Probiotic yogurts are full of good bacteria that improve gut health and aid in digestion. The good-for-your-gut bacteria have an array of health benefits, but the sneaky inclusion of additives lessen their effectiveness by a few degrees.

A team of researchers from Poland, therefore, is looking to replace the harmful additives with curcumin–a naturally occurring agent that gives turmeric its color–which has a rich anti-inflammatory and an anti-oxidative profile.

Given the fact that curcumin isn’t water-soluble, the body isn’t able to take in sufficient amounts to produce a biological result. Experts added curcumin to probiotic yogurt to evaluate if it remained dissolved in the dairy product, while helping to preserve it.

“It is well known that curcumin has anti-microbial, anti-inflammatory, and immune-boosting effects. However, it is insoluble in water, which is one of the main reasons why our bodies are not able to absorb sufficient amounts for it to have a biological effect. We wanted to see if it was possible to create a dairy product containing curcumin in a bioavailable form that would also appeal to the consumer,” the study’s first author Dr. Magdalena Buniowska-Olejnik from the Institute of Food Technology and Nutrition at the University of Rzeszow, said in a press release.

The newly-formed probiotic yogurt consisted of a form of curcumin called NOMICU L-100®, which is better soluble in water than its other kinds. It was then compared to yogurt containing a standard turmeric extract to see which one worked better in striking out yeast, fungi, and bacteria over 28 days, according to News-Medical.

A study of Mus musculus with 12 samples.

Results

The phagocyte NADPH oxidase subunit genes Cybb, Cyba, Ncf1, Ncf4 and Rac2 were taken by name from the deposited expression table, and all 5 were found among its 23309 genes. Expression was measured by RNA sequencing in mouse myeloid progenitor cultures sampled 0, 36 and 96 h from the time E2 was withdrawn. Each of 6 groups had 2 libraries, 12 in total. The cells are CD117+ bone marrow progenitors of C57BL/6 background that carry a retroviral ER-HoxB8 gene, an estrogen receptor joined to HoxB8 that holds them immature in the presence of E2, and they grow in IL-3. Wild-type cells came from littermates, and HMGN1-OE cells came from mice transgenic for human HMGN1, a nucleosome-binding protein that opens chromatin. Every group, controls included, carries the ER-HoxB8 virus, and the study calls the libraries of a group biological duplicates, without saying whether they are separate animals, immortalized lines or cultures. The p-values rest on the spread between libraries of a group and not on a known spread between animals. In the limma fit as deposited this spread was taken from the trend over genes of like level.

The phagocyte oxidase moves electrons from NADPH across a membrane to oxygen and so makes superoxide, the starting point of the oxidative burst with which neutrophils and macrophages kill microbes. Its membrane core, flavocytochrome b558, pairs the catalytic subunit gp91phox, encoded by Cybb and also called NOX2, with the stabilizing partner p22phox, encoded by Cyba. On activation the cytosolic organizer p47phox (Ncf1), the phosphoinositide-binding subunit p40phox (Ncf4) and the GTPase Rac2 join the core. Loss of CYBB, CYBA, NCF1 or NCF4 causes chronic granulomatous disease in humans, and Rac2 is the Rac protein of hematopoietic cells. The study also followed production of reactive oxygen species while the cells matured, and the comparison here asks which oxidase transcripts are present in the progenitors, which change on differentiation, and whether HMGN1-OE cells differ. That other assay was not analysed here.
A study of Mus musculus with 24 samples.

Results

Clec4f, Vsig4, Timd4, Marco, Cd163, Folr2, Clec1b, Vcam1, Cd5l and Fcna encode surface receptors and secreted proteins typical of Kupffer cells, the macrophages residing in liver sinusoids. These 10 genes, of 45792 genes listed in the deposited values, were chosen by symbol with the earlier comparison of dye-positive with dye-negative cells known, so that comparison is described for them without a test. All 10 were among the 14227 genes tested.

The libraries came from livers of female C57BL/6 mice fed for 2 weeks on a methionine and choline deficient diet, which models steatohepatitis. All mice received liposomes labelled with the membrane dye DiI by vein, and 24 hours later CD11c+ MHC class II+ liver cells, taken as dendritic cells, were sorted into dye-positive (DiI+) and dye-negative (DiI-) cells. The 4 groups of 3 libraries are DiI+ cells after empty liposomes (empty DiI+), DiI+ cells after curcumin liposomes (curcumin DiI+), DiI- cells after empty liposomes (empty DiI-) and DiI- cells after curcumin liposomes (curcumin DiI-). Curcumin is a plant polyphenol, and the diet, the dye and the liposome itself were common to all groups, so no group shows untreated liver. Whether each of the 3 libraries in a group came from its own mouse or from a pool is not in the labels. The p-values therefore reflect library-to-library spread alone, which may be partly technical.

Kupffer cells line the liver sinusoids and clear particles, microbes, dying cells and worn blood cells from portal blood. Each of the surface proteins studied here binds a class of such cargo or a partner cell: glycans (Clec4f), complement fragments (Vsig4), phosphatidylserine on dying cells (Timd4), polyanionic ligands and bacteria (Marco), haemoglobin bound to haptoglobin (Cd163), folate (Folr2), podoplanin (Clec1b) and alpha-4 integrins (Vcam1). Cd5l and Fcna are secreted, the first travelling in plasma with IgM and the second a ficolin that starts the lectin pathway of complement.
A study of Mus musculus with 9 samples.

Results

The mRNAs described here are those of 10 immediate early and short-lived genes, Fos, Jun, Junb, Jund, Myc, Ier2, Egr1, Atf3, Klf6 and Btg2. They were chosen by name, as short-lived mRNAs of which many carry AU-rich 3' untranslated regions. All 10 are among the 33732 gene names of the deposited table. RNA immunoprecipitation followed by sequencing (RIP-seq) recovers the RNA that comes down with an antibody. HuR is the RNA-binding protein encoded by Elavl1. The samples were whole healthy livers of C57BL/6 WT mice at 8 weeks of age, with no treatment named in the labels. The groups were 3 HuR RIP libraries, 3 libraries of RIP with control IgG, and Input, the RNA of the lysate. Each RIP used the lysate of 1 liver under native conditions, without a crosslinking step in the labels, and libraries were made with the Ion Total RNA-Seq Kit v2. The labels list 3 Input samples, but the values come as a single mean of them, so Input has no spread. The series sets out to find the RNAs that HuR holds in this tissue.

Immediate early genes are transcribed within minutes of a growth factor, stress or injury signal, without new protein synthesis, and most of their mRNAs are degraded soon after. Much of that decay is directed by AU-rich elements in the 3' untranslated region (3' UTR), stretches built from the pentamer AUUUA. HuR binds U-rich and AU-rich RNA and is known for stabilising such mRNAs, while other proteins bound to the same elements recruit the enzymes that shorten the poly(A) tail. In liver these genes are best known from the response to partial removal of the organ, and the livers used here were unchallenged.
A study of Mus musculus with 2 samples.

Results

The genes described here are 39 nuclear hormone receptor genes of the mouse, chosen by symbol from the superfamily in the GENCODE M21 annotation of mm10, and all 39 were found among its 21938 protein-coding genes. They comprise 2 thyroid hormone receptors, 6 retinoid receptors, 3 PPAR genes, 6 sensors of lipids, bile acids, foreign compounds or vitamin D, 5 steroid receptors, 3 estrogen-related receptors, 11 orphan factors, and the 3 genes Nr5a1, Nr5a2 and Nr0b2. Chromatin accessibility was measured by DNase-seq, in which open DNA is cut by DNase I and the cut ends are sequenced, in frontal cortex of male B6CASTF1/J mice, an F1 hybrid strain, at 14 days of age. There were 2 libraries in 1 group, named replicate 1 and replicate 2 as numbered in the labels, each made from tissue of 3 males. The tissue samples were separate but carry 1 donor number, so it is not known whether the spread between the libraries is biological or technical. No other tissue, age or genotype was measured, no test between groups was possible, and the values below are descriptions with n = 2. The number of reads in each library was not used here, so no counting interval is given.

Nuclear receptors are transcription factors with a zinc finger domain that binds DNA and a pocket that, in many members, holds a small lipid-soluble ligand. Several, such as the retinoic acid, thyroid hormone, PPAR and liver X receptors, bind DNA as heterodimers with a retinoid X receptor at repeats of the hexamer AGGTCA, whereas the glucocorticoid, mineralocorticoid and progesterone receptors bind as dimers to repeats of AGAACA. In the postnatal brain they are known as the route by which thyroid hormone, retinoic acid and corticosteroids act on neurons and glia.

A panel of expert testers evaluated whether there were any changes in the color and taste of the yogurt in the course. In the end, NOMICU L-100® was found to have outweighed its competitor with better results.

“We found that NOMICU L-100 was better at inhibiting the growth of yeast, fungi and bacteria than the standard turmeric extract,” said Dr Buniowska-Olejnik. “It maintained the recommended levels of the ‘good’ lactic acid bacteria that are contained in fermented, live yogurts.”

“Yogurt containing the standard turmeric extract was slightly better at remaining in a homogenous form without a layer of water developing on the top. However, it tasted bitter and the taste deteriorated after the first week of storage in the fridge, so it did not appeal to the tasting panel. In addition, its color was towards the green end of the yellow spectrum, whereas NOMICU shifted the color toward the red end, making it look more attractive. NOMICU imparted a sweet, rich, creamy flavor to the yogurt, which remained stable to the end of the 28 days storage in the fridge.”

Researchers are now hoping to add the new curcumin variant in other dairy products to enhance their health benefits as well as their shelf life.